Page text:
Tech Firms Working to Reduce Energy Costs Via Green Initiatives



Our Firm, RCI Global Partners LLC, is starting to take a pro-active role and a position in developing business opportunities for those companies involved in producing technology that will enhance the 'green initiative' opportunities for enterprise customers. We find opportunity here today. Here's why.

According to Andrew Johnson, writing in the Arizona Republic, sustainability, already a buzzword in the real-estate and construction industries, is getting more attention from high-tech manufacturers.

Producers of computer components, radio equipment, solar panels and other high-tech equipment are among the world's largest resource users.

They eat up billions of gallons of water and kilowatt-hours of electricity to make semiconductors, display panels and other parts that make their way into millions of consumer electronics, appliances, industrial tools and automobiles.


For years, the high-tech community has strived to reduce consumption of resources, emissions and chemical usage. But those efforts are getting renewed attention as industry leaders look for ways to share best practices with each other and as guidelines for programs such as Leadership in Energy and Environmental Design, or LEED, become more defined for manufacturers.

Attention to global warming and climate-change issues also is driving the focus, said Sanjay Baliga, a senior manager who focuses on environmental, health and safety issues for SEMI, a San Jose-based trade group for semiconductor equipment and materials suppliers.

General Dynamics C4 Systems, a defense contractor that designs and manufactures networking equipment, radios and computer systems for the military, is pursuing LEED certification for one of two main buildings on its campus at Hayden and McDowell roads in Scottsdale.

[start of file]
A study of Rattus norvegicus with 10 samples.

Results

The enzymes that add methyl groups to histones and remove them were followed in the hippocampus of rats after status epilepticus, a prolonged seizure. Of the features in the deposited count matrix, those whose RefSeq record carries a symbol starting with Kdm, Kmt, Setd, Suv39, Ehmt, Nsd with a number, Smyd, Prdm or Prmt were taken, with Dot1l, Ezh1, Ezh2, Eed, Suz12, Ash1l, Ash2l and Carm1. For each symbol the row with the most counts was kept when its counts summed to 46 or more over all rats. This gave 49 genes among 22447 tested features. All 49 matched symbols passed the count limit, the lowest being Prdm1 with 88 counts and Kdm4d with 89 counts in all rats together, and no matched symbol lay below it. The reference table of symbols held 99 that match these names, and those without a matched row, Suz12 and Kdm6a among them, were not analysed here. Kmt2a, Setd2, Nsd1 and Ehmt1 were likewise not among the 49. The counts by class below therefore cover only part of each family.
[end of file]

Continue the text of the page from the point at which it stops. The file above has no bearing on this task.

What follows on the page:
The company is seeking certification under the "LEED for Existing Buildings" rating system, which focuses on the maintenance and operations of facilities already in use.

In 2005, General Dynamics received LEED certification for its other main facility, an existing 650,000-square-foot building. It plans to recertify that building under updated LEED standards next year, facility manager Patrick Okamura said.

That building was the first of its size to obtain LEED certification for existing buildings.

"When you consider the amount of square footage in the U.S. (of industrial buildings) that consume the amount of energy that they do . . . that's why we're starting to see this impetus toward the high-tech industry," Okamura said.

Such efforts also have proved financially prudent, allowing manufacturers to reduce costs at a time when many technology companies are trying to shore up their balance sheets.

Intel Corp., the world's largest semiconductor manufacturer, analyzes its projected returns when investing in environmental endeavors, said Brian Krzanich, vice president and general manager of manufacturing operations.

"We try to make sure the actions we do have a positive return on investment," he said.

Thus, as more and more industrial and high tech firms move to a more 'green initiative', either for profit, brand image, or conservation, it's time to look at those technologies that will assist in reaching those objectives.

1 comment:

  1. Amen. But, forget about reducing emissions. The purpose of business is to make money and create jobs. Anything we can do to save money on energy costs will translate into increased revenue. Any technology designed to "green" a space will definitely be received well by the eco-Marxists (for the conservation abilities) as well as the Capitalists (for cost saving and brand image reasons). How many products can stake that claim?